At a recent Center for American Progress event, Senator Elizabeth Warren (D-MA) announced that there were 50 Democratic senators and the President on board with an idea for tax reform. Unfortunately, that idea is one of Warren’s, and one of her worst at that.
Last year, in the thick of the congressional wrangling over Build Back Better, Senator Elizabeth Warren claimed to have the “solution” to large corporations paying little to no income tax in a given year. Her solution was a “minimum tax,” assessed on corporations’ book income rather than their taxable income.
Under Warren’s original proposal, affected corporations would be required to pay a 7 percent tax on book income over $100 million. In truth, it would function not as a “minimum tax” at all, but rather as a parallel corporate income tax.
Warren and her allies often point to differences between corporations’ book income and taxable income to decry the tax system as rigged, but the truth is that book income and taxable income often differ because they are different measures that serve different purposes. If they were always the same, there would hardly be a need to differentiate between them.
Book income represents a financial accounting of a business’s cash flow, as reported to shareholders. The purpose of the metric is to measure the financial performance of the business in question.
Taxable income, on the other hand, takes into account the tools worked into the tax code to shape economic activity. That means accounting for all the deductions and credits that Congress has added to the tax code over the years.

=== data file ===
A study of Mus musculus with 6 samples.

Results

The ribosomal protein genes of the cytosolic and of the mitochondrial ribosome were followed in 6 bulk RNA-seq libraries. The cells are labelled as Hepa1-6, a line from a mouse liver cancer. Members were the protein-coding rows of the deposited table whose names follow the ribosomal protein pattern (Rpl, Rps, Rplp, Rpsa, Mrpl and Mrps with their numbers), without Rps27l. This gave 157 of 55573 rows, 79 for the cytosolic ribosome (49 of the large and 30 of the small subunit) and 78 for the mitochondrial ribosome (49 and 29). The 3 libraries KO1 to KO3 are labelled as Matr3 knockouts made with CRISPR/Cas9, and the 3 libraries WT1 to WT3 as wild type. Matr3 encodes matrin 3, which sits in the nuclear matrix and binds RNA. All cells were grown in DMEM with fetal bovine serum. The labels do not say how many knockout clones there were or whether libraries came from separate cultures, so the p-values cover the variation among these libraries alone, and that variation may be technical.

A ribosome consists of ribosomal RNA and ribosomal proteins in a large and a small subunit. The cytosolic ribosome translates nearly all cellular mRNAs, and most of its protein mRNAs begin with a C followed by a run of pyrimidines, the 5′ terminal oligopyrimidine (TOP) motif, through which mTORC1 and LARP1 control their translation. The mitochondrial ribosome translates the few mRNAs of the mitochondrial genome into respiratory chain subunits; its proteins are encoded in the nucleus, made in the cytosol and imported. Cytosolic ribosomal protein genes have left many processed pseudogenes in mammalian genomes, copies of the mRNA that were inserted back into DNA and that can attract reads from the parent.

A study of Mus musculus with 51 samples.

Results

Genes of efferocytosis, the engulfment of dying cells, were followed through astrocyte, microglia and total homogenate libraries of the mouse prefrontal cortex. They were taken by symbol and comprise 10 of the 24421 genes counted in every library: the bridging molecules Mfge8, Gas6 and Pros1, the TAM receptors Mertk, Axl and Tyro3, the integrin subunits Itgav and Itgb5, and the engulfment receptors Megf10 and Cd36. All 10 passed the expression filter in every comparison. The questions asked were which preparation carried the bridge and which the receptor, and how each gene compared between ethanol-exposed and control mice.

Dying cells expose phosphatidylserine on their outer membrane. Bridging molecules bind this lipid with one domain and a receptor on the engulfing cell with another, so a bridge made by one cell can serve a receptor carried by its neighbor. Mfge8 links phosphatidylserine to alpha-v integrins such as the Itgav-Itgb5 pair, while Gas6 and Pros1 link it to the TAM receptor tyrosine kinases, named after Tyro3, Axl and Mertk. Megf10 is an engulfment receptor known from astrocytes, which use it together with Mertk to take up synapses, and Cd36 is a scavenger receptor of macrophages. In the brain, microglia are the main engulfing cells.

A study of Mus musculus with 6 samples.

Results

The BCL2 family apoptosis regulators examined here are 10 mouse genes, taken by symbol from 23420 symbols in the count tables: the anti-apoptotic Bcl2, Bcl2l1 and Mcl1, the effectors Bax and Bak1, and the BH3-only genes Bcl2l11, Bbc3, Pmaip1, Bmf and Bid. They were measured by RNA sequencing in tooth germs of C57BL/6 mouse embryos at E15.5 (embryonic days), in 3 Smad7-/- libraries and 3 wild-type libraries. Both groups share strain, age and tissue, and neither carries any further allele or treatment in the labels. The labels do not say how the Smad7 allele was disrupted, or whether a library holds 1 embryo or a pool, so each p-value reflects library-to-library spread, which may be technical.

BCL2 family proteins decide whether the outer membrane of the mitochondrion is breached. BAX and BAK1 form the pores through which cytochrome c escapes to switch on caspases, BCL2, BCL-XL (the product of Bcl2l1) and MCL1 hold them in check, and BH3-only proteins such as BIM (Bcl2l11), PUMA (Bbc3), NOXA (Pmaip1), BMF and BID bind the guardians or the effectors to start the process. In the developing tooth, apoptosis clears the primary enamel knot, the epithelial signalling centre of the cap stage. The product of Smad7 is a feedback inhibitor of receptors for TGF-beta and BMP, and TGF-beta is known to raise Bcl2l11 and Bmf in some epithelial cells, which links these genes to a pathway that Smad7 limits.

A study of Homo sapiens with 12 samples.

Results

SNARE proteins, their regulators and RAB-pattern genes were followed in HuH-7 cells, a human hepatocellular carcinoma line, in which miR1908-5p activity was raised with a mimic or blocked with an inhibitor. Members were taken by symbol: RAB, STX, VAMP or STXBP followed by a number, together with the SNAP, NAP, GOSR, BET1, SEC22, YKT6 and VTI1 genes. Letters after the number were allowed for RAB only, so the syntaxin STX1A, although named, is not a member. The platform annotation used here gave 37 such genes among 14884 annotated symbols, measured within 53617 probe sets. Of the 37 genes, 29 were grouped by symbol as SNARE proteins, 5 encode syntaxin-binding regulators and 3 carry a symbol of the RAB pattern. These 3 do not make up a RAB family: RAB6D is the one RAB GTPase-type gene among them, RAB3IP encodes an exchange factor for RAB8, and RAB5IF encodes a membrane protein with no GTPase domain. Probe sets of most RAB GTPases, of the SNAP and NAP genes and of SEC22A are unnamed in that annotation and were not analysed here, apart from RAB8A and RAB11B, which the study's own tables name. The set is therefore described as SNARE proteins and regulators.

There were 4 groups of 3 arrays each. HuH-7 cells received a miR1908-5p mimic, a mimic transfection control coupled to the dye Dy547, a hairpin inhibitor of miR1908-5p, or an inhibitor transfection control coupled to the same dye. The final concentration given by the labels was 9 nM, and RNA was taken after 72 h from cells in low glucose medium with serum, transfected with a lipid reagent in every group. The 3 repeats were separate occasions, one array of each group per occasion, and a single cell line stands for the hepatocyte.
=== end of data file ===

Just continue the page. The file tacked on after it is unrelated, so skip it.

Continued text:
In this light, a parallel tax to ensure that large corporations do not reduce their tax liability more than Warren deems acceptable seems to represent an extremely roundabout and inefficient means of solving the problem she identifies. After all, if Democrats believe that the tax code’s credits and deductions are too generous, why not just propose to limit the elements of the tax code that allow corporations to limit their taxable income?
The answer is that they want to have their cake and eat it too. Most of the major deductions and credits used by corporations to limit tax liability are backed by most Democrats, including research and development credits, deductions for net operating losses, and accelerated depreciation of capital investments. So while most Democrats see these parts of the tax code as being good for economic growth and fair tax policy, they still want to retain the right to be upset when corporations end up with low tax bills by using them to reduce taxable income.
Unfortunately, it doesn’t work that way. Instituting a parallel tax that doesn’t account for elements of the traditional corporate tax code means that the effectiveness of those credits and deductions is muted, since they won’t help businesses with their book tax liability. After all, a credit that reduces tax liability for half of the corporate income tax code is hardly as beneficial as one that applies to the whole thing.
And this hamfisted workaround to the problem of being unable to point to the actual provisions in the tax code they want to get rid of would have severe economic consequences. The Tax Foundation estimates that the 7 percent parallel book tax would have a greater negative impact on GDP, employment, and wages than raising the corporate tax by 7 percentage points — largely by discouraging the kind of corporate investment that drives economic growth.
It might be politically popular to claim to be cracking down on corporations that “cheat the system,” but Congress is the one designing the system in the first place. Taxpayers should demand that instead of adding another layer to make the tax code even more complicated and unwieldy, Democrats should point out the parts of the tax code they actually want to “fix.”